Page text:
Author: Allegra Goodman
Year: 2006
Genre: Literary fiction

Intuition is the story of an academic controversy in which one graduate student accuses another of falsifying results. There's a lot of talk in the book about how science is a search for "truth," while I've always understood it to be a search for "facts." In this case, truth is hard to come by: not only the scientific truth of the results of the experiment in question, but even the more mundane truth about what happened in the laboratory.

Goodman draws up her characters masterfully. What I liked most about it is that there are no clear good guys and bad guys. Instead, you sympathize first with one character, then with another. I really wanted to take sides one way or the other, but I couldn't do it; the characters were too complex.

DMZ Vol. 1: On the Ground

Author: Brian Wood
Year: 2006
Genre: Graphic novel

There's a civil war going on in North America. Long Island belongs to one side, New Jersey belongs to the other, and Manhattan is the DMZ. A young reporter gets stranded there and has to find a way to survive, and hopefully send back some exclusive news.

The comic's first impact is a visceral reminder that war is real, and that modern war happens to everyday people in the place where they live. Amid the horrific vision of a bombed-out lower Manhattan, you're forced to remember that the realities of bombed-out Baghdad (and countless other places as well, but especially Baghdad) are just as close to home.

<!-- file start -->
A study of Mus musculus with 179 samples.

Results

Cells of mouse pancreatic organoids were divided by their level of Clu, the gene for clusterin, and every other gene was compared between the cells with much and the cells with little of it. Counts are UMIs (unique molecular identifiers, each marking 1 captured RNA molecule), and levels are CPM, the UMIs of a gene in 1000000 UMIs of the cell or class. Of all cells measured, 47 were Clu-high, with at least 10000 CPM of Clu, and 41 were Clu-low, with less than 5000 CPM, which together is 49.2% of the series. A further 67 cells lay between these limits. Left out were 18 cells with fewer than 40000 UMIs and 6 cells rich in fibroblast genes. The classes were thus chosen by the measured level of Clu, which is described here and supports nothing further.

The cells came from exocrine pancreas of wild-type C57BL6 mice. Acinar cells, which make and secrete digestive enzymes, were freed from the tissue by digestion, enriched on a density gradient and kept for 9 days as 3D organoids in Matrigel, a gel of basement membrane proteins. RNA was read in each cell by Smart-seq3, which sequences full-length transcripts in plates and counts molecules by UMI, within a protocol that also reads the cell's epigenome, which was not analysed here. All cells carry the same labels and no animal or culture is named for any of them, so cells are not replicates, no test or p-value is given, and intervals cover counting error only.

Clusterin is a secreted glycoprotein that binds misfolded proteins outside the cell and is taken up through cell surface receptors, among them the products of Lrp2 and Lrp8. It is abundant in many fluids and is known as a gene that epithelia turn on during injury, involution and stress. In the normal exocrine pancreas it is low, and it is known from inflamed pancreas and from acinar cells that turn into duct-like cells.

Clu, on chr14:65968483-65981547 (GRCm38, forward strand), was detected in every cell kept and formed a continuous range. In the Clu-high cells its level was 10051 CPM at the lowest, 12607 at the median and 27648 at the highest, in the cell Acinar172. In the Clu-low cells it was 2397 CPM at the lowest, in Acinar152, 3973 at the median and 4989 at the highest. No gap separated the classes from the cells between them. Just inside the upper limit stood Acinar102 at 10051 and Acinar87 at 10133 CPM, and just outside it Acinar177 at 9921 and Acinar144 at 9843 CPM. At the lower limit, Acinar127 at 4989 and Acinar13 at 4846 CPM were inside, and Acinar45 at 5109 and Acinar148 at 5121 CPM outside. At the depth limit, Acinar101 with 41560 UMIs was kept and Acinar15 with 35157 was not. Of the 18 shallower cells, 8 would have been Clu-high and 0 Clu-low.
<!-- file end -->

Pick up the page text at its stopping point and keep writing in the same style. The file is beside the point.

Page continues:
Premise aside, the book's plot and characters are interesting enough to carry you through the first few issues. Future installments will tell whether they're meant to function as your guide through the nightmare landscape of urban war, or will exist as independent entities in their own right.

Unknown Quantity

Author: John Derbyshire
Year: 2006
Genre: Science history

I like math. I was a math minor in college, and would have double-majored if I could have taken math classes on my junior year abroad. In high school I was really good at math, but when I took honors math classes in college I was just good enough to hang on for the ride. I realized that, as much as I enjoyed learning about group theory, complex analysis, and the search for really big prime numbers, I wasn't good enough to do it professionally. Sadly, if you don't live in that world full-time, it's astonishingly difficult to keep up with it at all, and so I let my math lapse after graduation.

Unknown Quantity is a rare exception: a book about math and math history made accessible to the interested layperson. And Derbyshire doesn't just write about math; he writes about algebra, possibly the most abstract and conceptually challenging branch of theoretical mathematics. By covering the history of algebra over the last 6000 years or so, the book follows how emerging awareness of numbers in ancient Babylonia led to the Greeks, the Renaissance, and the algebra that most people remember (or don't) from high school. Then, in the 17th and 18th centuries, algebra took a sharp turn to the abstract, but Derbyshire makes clear connections to show how it evolved from more representational problems. He challenged me, but he never lost me entirely.